The difference in values between three bedroom and four bedroom properties hasn’t really changed in the past year, and is at least $125,000 in each of the main centres (and more than $350,000 in central Auckland). So it’s still not going to be easy for people who want more space (e.g. to work from home) to trade up, but no doubt those with post-COVID job security and approved finance may well be looking for these opportunities.

The recent enforced period of working from home has caused a lot of people to rethink their living arrangements and we’re certainly hearing many anecdotes of families now looking for bigger houses with extra bedrooms and/or an office.

So what is the value difference to trade up? We’ve looked at this question by calculating the difference in median values between three bedroom and four bedroom dwellings – in other words, a ‘trade-up premium’. To be fair, bedroom count is clearly not a perfect measure of ‘starter’ vs ‘second homes’, or of quality or suitability for each individual/household, but it nevertheless reveals some pretty interesting insights.

Percentage change over past year in median property values by bedroom count (Source: CoreLogic)

Over the past year (since we last looked at this topic), smaller dwellings have generally outperformed larger properties in the main centres, especially in Dunedin (see the first chart). Of course, the broad-based strength of the Dunedin market (at least prior to full lockdown) saw four bedroom properties outperform most segments in the other main centres too. One important factor for general outperformance is simply that three bedroom properties are cheaper, hence more affordable for more people.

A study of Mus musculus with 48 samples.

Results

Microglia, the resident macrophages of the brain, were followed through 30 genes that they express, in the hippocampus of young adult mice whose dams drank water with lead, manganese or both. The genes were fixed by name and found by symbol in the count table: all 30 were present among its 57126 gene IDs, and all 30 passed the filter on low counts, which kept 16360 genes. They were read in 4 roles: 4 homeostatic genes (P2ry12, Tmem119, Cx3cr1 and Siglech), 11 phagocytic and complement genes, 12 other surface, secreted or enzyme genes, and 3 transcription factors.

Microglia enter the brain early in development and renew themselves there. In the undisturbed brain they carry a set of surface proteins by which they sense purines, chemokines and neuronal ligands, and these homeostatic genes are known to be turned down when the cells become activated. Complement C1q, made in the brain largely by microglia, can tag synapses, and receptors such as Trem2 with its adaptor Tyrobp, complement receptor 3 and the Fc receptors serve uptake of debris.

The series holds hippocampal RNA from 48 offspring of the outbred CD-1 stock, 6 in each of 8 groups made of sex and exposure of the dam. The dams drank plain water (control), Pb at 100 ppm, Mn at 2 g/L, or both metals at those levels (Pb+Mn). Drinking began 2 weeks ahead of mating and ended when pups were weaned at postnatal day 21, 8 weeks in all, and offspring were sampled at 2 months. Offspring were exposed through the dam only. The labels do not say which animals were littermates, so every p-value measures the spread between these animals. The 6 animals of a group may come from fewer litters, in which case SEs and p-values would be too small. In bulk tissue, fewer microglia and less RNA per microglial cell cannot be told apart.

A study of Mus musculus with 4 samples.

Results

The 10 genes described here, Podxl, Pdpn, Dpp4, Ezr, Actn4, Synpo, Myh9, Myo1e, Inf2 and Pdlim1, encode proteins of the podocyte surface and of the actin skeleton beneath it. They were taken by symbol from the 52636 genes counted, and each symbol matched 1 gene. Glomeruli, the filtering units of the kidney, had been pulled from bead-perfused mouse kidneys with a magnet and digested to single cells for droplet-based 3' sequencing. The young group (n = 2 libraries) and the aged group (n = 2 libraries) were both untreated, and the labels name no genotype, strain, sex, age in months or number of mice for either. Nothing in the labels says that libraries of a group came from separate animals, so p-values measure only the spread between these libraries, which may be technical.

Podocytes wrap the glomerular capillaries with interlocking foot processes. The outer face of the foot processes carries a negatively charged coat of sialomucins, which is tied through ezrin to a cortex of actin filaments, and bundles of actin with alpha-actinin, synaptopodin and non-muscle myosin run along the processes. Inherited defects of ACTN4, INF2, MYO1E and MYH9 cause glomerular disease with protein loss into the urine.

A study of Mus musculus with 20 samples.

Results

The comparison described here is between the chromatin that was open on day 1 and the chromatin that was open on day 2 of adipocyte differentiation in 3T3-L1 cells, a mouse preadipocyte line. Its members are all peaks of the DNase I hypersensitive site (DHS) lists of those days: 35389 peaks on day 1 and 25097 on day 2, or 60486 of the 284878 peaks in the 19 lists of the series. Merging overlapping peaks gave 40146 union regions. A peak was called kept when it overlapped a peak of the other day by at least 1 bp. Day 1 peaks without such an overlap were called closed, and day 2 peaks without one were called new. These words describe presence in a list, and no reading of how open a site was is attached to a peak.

Value difference between three bedroom and four bedroom houses
Value difference between three bedroom and four bedroom houses (Source: CoreLogic)

Now shifting to the trade-up premium itself, the figures have actually been relatively stable over the past year around the main centres, although there have been falls in Auckland City (old council area) and Tauranga – in other words, it’s got a little bit easier to move up the ladder in these two markets (see the second chart). By contrast, there’s been a rise in Auckland’s North Shore market, from $230,000 a year ago to $252,000 now. Indeed, households who traded up in the North Shore last year (when the trade-up premium troughed) may have got their timing spot on, as the third chart illustrates.

North Shore trade-up premium
North Shore trade-up premium (Source: CoreLogic)

Overall, the general message is that it still remains pretty expensive to get that fourth bedroom (or study) in many parts of the country, and this could help to explain why ‘movers’ have been relatively quiet lately in terms of their market share for property purchases (see the fourth chart). Of course, already-high debt levels are likely to have played a role too, and given that alterations & additions activity has been buoyant, some are clearly choosing to renovate rather than relocate. This option will also get cheaper/easier given the relaxation of consenting rules around projects such as car ports and sleep-outs.

NZ % share of property purchases (Source: CoreLogic)
NZ % share of property purchases (Source: CoreLogic)

That said, there are always opportunities and as the recession bites harder in the coming months, there may be some ‘bargain’ four bedroom properties available. For those with job security and a loan approval, it could still be a good time to trade up. On the flipside, that also means people thinking about downsizing could be looking to take the opportunity too.